Eliminate Three Words

I received this email from one of the coaching newsletters and had to pass it along.  This is a great article and provides some great thoughts/ideas.

A Coaching Challenge

by Nan Einarson
Newsletter Vol XIII
Issue 32
Tuesday
August 12, 2014

I invite you to take my Challenge, and eliminate three words from your vocabulary.
Should is a very demeaning word. When using should with someone or with yourself, it is an aggressive tactic. When you tell someone they should or should not have said or done something, they immediately feel defensive, forced to explain their actions or decisions.
Try substituting could for should. By asking what could have been done differently, feedback turns the focus from a judgmental, negative past to a cooperative, positive future.
Why is a confrontational word, usually delivered in an accusatory, negative tone of voice. Why did you do that? Why didn’t you do this instead? Again, the person on the receiving end feels defensive, and compelled to explain their choices.
Instead, substitute what for why. By asking what happened, coming from a place of curiosity, judgment is suspended and conversation, rather than argument, ensues.
But is a condescending word. It negates whatever was said before it. If someone speaks, and you respond with but, you imply that what they said was wrong, and that you know better. Often, a butis anticipated because of the tone of voice preceding it. Have you ever thought or said, “I hear a butcoming on?”
I prefer and as a connecting word. It acknowledges what the other person has said, and allows a different perspective to be expressed, without any sense of competition or judgment.
Finally, I challenge you to ask only open-ended questions. Closed-ended (yes/no) questions have a place when seeking clarity. Otherwise, all other questions become open-ended when starting withwho, what, when, where, how, or tell me about.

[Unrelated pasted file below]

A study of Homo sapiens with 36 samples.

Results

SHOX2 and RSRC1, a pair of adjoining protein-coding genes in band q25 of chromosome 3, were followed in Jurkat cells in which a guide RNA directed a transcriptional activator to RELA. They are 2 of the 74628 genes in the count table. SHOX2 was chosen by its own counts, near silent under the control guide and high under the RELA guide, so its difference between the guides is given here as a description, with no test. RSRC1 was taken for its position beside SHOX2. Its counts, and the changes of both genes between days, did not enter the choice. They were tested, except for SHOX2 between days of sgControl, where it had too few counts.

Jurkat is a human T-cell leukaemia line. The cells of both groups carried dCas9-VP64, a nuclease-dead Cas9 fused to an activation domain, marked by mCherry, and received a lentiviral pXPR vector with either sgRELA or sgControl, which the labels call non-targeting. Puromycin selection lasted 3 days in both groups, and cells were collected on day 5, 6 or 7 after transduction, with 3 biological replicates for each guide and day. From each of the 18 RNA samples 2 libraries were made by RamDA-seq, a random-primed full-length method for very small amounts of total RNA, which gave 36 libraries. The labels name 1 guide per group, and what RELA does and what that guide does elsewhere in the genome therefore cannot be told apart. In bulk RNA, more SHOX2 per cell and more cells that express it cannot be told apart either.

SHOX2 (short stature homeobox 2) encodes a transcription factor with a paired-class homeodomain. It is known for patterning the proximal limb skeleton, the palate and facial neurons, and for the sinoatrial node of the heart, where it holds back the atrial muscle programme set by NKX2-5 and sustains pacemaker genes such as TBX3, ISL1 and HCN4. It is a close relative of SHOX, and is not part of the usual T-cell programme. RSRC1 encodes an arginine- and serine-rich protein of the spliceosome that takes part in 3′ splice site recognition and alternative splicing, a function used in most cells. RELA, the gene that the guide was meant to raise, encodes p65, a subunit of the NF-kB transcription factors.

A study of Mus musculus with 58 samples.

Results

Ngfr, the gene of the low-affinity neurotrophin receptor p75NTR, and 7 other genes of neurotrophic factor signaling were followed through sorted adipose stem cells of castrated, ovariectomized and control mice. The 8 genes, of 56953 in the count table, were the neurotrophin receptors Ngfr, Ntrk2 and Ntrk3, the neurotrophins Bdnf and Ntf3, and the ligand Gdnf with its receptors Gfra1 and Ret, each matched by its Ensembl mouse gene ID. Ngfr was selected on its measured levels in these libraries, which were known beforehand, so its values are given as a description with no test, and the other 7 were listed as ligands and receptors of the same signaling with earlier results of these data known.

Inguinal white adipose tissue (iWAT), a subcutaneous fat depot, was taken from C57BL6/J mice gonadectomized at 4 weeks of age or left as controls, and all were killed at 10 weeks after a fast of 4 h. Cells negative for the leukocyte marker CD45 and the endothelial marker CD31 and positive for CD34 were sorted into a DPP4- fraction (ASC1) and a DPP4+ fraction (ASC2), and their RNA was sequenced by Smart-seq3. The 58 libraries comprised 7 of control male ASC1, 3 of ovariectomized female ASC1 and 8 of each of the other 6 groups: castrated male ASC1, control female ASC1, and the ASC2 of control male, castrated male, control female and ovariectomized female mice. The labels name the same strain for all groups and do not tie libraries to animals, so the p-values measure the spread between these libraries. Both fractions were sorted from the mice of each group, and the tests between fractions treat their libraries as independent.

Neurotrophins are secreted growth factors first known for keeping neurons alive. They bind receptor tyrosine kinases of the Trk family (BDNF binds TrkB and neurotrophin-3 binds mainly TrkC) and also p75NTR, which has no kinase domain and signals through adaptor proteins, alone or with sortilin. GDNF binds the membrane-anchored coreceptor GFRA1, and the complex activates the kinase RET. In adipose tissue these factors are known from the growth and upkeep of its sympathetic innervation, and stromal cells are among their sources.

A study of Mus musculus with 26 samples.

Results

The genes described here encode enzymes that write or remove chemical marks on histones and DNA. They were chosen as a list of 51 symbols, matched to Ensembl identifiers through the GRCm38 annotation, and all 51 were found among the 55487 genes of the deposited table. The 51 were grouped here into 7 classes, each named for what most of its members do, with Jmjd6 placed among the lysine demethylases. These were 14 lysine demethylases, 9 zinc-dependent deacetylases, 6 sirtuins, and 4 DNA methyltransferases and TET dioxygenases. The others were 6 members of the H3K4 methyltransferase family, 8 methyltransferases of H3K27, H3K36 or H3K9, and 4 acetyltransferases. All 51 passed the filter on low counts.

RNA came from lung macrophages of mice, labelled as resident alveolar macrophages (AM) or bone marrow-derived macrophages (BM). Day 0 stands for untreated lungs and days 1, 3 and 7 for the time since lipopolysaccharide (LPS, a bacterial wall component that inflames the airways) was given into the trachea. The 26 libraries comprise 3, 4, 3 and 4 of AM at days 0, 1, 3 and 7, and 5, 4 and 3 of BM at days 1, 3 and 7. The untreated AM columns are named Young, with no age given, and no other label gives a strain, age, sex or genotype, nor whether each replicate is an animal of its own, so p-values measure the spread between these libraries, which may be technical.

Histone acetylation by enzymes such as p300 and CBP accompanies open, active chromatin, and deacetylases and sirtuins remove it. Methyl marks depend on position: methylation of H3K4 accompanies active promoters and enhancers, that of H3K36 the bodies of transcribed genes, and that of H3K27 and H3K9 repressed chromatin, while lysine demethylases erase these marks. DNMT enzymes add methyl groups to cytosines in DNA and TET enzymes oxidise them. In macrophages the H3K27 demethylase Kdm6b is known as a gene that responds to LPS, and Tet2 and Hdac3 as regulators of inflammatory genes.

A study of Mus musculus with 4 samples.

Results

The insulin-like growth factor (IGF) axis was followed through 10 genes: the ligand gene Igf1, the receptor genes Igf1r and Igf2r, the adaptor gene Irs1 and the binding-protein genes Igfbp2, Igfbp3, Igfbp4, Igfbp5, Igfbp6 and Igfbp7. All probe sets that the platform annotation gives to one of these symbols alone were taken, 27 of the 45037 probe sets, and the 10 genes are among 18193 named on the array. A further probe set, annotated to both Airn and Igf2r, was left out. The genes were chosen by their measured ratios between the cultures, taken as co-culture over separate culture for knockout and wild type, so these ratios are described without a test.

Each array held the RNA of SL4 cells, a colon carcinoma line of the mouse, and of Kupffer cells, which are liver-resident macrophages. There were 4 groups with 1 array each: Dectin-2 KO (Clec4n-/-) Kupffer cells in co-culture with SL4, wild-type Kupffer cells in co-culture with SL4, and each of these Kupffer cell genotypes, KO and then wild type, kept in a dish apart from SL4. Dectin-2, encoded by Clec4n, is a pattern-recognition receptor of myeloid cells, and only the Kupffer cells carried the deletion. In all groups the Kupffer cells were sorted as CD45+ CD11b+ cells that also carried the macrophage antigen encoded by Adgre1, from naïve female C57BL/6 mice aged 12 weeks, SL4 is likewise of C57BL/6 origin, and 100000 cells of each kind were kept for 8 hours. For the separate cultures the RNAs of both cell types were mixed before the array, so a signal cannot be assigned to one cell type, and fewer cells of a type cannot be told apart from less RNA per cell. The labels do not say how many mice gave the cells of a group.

Apply the Challenge in all of your conversations, not just in your coaching. Apply it with your family members (including children), friends, colleagues, strangers, and especially, teens. You might find it difficult at first, and you may slip many times. Once you utilize the Challenge in all of your communications, it will eventually become habit.
Notice the difference in how people react to your changed communication style. You will be surprised at how much easier it is to deal with difficult situations, once you eliminate confrontational words and ask open, non-judgmental questions. You may also be surprised at how much information people share with you when they are not threatened by your words or tone of voice.
Nan Einarson is a Mentor Coach and Trainer for CTA’s Certified Coach Program. She is an experienced veteran of coaching and author of the Do It Yourself Relationship Repair Guide.